Lanvin and H&M

This is an interesting take on the most recent ‘big name fashion design raises own profile and makes cheap tat imitations designer clobber accessible to the masses’ initiative.

More importantly, at least some discerning consumers out there must be wondering: is it even remotely chic – or even strictly seemly – to behave in this way? And, yes, that is a rhetorical question. It almost goes without saying that times have changed since Virginia Woolf deemed shopping one of the only ways for the modern woman to establish order – and indeed control – in her life, but there is still at least a certain sense of sisterhood in a day’s leisurely retail therapy, or even just window-shopping with friends. Spend, spend, spending might not be on the agenda, but that doesn’t stop us wondering.

My query is more about why women continue to be so bonkers when it comes to clothes.  Let’s face it: Lanvin’s involvement in this project began and ended with the submission of a few drawings.  The clothes are still pure H&M; cheap and cheerful (in other words: likely to fall apart after a few trips through the washing machine).  But not so cheap, actually: a standard H&M dress costs as little as £24.99, whereas a Lanvin H&M dress costs at least £99.99.  And they’re all fairly fugly dresses, it must be said.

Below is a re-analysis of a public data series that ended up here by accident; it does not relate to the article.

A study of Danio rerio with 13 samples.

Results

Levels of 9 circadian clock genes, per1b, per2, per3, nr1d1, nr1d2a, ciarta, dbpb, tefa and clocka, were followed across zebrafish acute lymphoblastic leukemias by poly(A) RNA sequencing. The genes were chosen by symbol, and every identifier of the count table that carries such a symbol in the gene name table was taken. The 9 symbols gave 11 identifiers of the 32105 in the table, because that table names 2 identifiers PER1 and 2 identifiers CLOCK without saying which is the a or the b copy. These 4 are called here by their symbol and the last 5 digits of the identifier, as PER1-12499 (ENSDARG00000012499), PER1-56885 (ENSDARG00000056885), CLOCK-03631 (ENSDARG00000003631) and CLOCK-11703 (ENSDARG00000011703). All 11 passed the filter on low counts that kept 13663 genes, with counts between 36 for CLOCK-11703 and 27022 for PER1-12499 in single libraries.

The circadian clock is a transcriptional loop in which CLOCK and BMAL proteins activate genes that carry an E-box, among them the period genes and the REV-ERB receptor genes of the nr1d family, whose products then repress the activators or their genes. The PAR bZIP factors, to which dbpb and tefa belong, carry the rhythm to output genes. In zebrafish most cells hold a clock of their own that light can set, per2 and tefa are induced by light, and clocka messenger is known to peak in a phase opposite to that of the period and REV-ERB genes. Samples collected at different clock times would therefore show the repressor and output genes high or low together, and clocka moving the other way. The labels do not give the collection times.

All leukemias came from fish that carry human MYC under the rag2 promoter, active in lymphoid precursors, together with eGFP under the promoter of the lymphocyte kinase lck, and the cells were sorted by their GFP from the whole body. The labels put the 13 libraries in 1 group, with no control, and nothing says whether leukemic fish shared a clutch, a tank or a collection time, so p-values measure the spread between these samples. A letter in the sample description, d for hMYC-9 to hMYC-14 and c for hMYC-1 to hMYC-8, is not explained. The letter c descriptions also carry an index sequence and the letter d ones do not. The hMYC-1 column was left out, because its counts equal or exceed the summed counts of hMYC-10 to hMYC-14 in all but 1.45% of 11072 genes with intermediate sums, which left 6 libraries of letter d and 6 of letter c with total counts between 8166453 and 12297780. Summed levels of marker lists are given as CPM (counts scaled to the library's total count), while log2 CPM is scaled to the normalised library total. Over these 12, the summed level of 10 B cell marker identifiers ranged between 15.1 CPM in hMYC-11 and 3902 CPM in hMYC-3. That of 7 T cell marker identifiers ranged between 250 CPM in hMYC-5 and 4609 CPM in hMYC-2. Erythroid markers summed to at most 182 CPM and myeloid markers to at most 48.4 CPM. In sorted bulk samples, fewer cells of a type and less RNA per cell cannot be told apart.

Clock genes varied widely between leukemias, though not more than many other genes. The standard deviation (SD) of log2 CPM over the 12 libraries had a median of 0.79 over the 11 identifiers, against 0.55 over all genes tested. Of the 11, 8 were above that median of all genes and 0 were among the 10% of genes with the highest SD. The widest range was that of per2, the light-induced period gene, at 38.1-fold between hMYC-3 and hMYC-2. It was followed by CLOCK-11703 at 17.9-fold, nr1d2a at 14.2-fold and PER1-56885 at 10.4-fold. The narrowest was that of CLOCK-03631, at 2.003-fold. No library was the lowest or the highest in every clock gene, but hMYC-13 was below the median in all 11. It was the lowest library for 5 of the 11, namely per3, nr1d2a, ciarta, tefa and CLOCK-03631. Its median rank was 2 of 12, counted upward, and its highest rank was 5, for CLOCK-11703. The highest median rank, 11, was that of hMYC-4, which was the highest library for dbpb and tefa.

Lanvin’s involvement doesn’t make trashy fashion any less trashy.  It just makes it a great money-spinner for cynical retailers who have tuned in to the desperation that many women have when it comes to being fashionable.

People are mental.

2 Responses to Lanvin and H&M

  1. S@sha says:

    We don’t have H&M where I live, so I’ve never seen these collaborations in person and can’t comment on their quality or lack thereof. However, the designer collaborations at Target are usually exactly what you described, very low quality designs that have no connection to the high priced clothes the designers are known for. I like the idea in theory, but if the clothes are crap then what’s the point?

    • exilednzer says:

      It’s so bonkers. Designer clothes are usually made with a bit more care and attention than mass-produced stuff, so getting a designer to draw the pictures before doing the mass-producing doesn’t do anything to improve the actual clothes!